I know I wrote I would post yesterday, and I didn't. Yesterday was a sweet day - resting in the morning and celebrating Zachary's birthday in the afternoon and evening. I realized how tired I still was - emotionally more than physically by afternoon. I think I was still too raw to realize that my theme was "I almost lost him. I almost lost him. I almost lost him." It's easy to deny seeing this blood clot incident with Bob as a near brush with death. The truth is he never felt very sick - was just beginning to run a low fever from inflammation, and has been very much himself through this whole ordeal. It's the "could have happened" that's terrifying, and how easily he could have gotten caught up in the end of school pressure and ignored danger signs. Mostly at this point I'm just thankful that all is well and cherishing every moment all stays well.
A number of pieces of the hospital experience really stood out for me. First, it felt SO GOOD to me to be taken care of and know Bob was being taken care of. I was deeply touched by the kindness with which all hospital personnel treated us both - even little things like the nurse insisting on putting pillow cases on my pillows when I spent the night rather than letting me do it. The doctor and the physical and occupational therapists were very patient and detailed in their answers to our many questions - very helpful. I deeply needed to understand what happened with Bob, why, and why he is being treated the way he is. They gave me all of that information at the level at which I needed it. Even though the doctor came late on an evening when he had to be tired and frustrated by computer problems at the hospital, he was utterly patient, never rushed us at all, even asked if we had more questions more than once.
Other surprises -
The hospital has a beautiful view of the bay and we got great pleasure from that.
Our health insurance actually works (enough to make me feel taken care of. I wasn't expecting that. I see the U.S, health care delivery system as terribly broken and we had inadequate insurance experiences when Bob had his two surgeries a few years back, but his school district has changed insurers since then, apparently much for the better. I was also pleased by the attitude and kindness of the woman from billing and her matter of fact willingness to work out a payment plan if we need it for the balance of what we owe.
The physical and occupational therapists asked questions like "Can you bather yourself without help?" and "Before you strained your back did you walk without a walker or a cane?" Of course before he hurt his back we were hiking moderate trails and I think we will be again. The questions gave me perspective, made me think of all the things so many people can't do.We are really fortunate.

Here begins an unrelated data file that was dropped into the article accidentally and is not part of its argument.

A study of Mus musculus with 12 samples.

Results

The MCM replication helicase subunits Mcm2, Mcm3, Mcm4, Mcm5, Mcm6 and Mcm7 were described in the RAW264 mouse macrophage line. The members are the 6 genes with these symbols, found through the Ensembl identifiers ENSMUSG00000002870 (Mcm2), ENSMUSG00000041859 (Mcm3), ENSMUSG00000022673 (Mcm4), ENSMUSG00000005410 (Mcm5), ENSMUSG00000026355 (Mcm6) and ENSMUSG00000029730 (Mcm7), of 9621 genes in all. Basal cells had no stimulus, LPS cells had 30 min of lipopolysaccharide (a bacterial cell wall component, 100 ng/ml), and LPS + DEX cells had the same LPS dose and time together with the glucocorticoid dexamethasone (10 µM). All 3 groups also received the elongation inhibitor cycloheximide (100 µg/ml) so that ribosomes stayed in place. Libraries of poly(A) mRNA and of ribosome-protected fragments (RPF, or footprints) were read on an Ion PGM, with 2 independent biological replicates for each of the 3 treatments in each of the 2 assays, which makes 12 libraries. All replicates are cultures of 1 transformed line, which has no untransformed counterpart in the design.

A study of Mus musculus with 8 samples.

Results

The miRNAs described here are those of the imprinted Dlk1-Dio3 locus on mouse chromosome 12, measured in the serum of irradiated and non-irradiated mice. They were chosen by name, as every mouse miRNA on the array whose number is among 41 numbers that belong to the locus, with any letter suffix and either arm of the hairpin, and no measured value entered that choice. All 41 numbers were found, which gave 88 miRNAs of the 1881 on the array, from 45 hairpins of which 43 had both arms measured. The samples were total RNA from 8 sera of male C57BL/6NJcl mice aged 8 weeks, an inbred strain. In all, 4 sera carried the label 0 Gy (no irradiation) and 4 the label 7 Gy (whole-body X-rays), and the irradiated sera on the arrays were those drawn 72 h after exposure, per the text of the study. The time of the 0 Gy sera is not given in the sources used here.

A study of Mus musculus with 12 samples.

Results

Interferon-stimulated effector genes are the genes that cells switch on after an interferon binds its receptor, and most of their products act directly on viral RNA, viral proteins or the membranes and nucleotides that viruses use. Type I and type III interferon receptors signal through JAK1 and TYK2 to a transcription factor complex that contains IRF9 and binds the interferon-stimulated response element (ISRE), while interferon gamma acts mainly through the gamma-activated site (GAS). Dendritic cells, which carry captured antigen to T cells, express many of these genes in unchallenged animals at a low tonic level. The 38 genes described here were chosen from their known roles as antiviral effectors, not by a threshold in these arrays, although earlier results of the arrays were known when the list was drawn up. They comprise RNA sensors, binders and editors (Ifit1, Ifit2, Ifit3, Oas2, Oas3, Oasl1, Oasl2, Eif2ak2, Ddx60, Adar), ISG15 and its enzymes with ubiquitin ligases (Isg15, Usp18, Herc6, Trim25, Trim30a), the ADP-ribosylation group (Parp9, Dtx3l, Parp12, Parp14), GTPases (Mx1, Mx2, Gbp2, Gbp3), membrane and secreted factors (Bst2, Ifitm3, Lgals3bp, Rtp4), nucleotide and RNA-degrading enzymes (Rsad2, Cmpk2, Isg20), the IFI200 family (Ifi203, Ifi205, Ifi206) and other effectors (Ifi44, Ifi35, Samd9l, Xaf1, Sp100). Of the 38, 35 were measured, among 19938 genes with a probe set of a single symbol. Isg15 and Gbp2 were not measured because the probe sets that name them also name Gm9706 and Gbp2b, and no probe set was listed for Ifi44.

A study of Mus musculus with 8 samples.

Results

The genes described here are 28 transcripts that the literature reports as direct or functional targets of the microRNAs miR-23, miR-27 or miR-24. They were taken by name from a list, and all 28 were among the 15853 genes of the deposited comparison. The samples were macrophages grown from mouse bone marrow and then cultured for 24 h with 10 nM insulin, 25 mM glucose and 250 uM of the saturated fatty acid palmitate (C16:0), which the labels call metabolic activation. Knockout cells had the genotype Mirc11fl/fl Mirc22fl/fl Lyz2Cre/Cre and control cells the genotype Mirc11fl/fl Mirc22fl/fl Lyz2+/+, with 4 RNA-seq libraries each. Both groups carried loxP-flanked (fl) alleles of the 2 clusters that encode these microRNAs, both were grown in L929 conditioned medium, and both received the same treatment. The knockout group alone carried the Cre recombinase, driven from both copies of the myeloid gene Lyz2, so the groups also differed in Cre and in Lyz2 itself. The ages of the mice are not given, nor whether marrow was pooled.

For those interested in medical details, here's a summary. Bob developed a blood clot - deep vein thrombosis - in his right leg while he was staying relatively immobile resting his strained back. Apparently this can happen to us, especially as we get older, with inactivity. That's one of the reasons its important to "stretch our legs" on road trips. One doctor mentioned overweight ans a contributing factor and the other did not. Bob and I believe that his low blood pressure and poor circulation to his feet as a result of his neurally mediated hypotension may have made him more vulnerable to this. Besides producing swelling in only the affected foot and leg and hurting badly (good things because they gives warning) the danger of DVT (I note myself giving up and using initials here) is that a piece of the clot can break off and get into the lungs, which can be fatal. Didn't happen for us. The treatment is blood thinners - the first one Lovenax - is injected twice a day and gives complete protection from the clot breaking off and getting in the lung within twelve ours. I have to give him shots of Lovenax twice a day (surprisingly easy) at home until the second level of treatment, coumadin, kicks in. He'll need to be on coumadin for six months, by which time the clot may not be completely gone but should be stabilized enough that we don't have to worry about it breaking off and traveling to the lungs. We have a follow up appointment with Bob's local doctor Tuesday morning and will be learning more about coumadin and the bleeding risks - which don't scare me as much as they did initially. I feel very well taken care of and mostly very VERY thankful.